Find your Optimal
The Optimal Sexual Experiences Research Team of the University of Ottawa began conducting a series of studies on “great sex” in 2005. Our team sought to learn empirically what constitutes optimal sexual experience, what lessons we might learn from extraordinary lovers, about commonalities and differences across our participant groups and about optimal sexual development in long-term couples (Kleinplatz, Menard, Paradis, et al., 2009; Kleinplatz Menard, Paquette et al., 2009; Kleinplatz, Menard, Paradis, Campbell et al., 2013; Kleinplatz, Menard, Wannamaker, 2014). We then identified facilitating factors which helped to bring about optimal sexual experiences which are discussed in Magnificent Sex: Lessons from Extraordinary Lovers (Kleinplatz & Ménard, 2020).
For 10 years, whenever we presented our data, colleagues were inclined to ask if our findings had any practical or clinical value. Could our findings be useful in helping dysfunctional or “ordinary” couples? Or to put it more simply, could anybody become an extraordinary lover? Our reply had always been that this was an empirical question and it deserved an empirical answer
Beginning in 2013, we entered the translation phase of this research endeavour: We applied the lessons from research on optimal sexual experiences to develop a group therapy intervention for couples presenting with low sexual desire/frequency and sexual desire discrepancy. Subsequent to our preliminary, positive results published in Kleinplatz et al. (2018), our team has continued to find large increases in sexual satisfaction among couples as a result of our intervention, as reported in:
Kleinplatz, P.J., Charest, M., Paradis, N., Ellis, M., Rosen, L., Ménard, A. D., & Ramsay, T. O. (2020). Treatment of low sexual desire or frequency using a sexual enhancement group couples therapy approach. Journal of Sexual Medicine, 17, 1288-1296.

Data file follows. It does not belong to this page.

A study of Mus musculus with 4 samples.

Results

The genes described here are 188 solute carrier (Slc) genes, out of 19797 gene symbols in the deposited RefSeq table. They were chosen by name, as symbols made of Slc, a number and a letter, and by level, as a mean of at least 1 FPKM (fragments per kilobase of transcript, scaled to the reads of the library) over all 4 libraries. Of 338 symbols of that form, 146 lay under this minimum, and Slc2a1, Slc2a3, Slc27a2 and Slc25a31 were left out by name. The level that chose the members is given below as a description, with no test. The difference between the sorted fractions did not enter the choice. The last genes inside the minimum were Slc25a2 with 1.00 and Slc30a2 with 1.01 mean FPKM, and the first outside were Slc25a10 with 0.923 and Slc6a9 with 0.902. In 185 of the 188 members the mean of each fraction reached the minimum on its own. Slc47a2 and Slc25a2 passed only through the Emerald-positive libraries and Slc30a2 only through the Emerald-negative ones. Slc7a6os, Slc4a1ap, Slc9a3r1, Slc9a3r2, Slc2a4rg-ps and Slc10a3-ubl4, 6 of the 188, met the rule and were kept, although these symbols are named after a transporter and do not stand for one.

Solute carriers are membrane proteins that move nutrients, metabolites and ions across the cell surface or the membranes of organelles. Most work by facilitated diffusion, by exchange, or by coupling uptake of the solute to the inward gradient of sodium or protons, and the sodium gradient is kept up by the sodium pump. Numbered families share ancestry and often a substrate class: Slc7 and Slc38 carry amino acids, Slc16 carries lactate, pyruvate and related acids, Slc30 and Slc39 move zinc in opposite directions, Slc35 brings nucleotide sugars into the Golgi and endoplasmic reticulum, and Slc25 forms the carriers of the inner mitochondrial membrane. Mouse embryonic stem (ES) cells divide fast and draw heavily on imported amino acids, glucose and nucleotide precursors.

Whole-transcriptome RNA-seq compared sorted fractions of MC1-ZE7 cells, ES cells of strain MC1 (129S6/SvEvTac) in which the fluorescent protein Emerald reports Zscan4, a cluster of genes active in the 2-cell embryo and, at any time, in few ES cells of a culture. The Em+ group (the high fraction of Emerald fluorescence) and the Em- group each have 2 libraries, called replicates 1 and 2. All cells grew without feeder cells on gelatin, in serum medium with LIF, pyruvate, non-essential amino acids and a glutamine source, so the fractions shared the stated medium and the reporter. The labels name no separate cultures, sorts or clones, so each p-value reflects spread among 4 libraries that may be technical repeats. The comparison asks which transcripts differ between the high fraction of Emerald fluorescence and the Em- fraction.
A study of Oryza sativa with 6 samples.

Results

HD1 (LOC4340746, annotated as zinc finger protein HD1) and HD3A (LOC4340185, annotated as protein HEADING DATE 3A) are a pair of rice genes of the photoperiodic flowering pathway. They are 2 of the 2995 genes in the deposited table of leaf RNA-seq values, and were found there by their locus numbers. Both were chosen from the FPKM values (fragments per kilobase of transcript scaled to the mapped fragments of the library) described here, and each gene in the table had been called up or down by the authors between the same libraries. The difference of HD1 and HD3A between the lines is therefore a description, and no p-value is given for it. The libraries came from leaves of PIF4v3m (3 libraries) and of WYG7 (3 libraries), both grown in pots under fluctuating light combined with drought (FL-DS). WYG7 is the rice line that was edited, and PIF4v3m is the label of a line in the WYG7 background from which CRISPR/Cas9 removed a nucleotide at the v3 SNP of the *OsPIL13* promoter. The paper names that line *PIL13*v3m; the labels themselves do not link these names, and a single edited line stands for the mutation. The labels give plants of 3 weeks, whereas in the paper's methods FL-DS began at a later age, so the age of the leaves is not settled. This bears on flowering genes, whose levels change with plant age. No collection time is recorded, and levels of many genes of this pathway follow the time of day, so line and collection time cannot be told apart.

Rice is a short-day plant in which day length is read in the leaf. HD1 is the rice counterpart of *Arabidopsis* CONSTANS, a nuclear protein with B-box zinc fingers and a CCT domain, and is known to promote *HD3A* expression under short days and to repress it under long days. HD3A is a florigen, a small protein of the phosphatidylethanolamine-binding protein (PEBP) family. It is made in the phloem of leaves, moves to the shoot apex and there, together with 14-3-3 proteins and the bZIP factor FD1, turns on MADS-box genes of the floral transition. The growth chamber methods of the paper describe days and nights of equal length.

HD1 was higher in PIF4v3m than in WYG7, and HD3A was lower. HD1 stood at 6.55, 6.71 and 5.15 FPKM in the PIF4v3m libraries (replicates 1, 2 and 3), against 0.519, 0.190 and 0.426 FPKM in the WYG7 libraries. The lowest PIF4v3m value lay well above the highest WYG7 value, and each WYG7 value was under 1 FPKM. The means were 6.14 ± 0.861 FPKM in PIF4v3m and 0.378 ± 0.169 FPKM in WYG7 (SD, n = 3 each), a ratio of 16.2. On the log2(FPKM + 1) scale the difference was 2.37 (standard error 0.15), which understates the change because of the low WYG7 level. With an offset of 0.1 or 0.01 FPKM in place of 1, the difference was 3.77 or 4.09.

This expanded sample included 90 individuals (38 heterosexual and 7 same-sex, distressed couples) who were seen in 16 hours of group couples therapy. Significant differences (p < .001) and effect sizes (Cohen’s d = 0.7-1.3) were found in overall sample means from pre-tests to post-tests and 6-month follow-ups, as well as in items assessing satisfaction with intensity of sexual arousal, variety, pleasure, frequency, partner’s initiation, creativity, balance between giving and receiving, and emotional opening up. There were no differences across teams of therapists, including those who received training subsequent to the development of the intervention.
We have thus far increased the sample size to over 200 individuals (over 100 distressed couples) beyond those initial clinical studies, added more same-sex couples and continue to find the same, highly significant results.
We are now collaborating more widely and over the last two years, have been offering trainings to other, experienced couples- and sex therapists in this approach. What is especially exciting is that their results parallel those of the team that developed the approach! In other words these are transferable skills, not only from extraordinary lovers to distressed couples but also across therapists.
We continue to offer these groups to people in any kind of relatiolnship who want to enhance their sex lives. In addition, our team members have published many different articles about optimal sexual experiences. More broadly, we also study sexual experiences across the life cycle, sexual well-being and sexual health among older people, sexual minorities and the marginalized, access to sex education, depictions of sexuality in the media, including messages in sexual health advertising, romance novels and advice columns.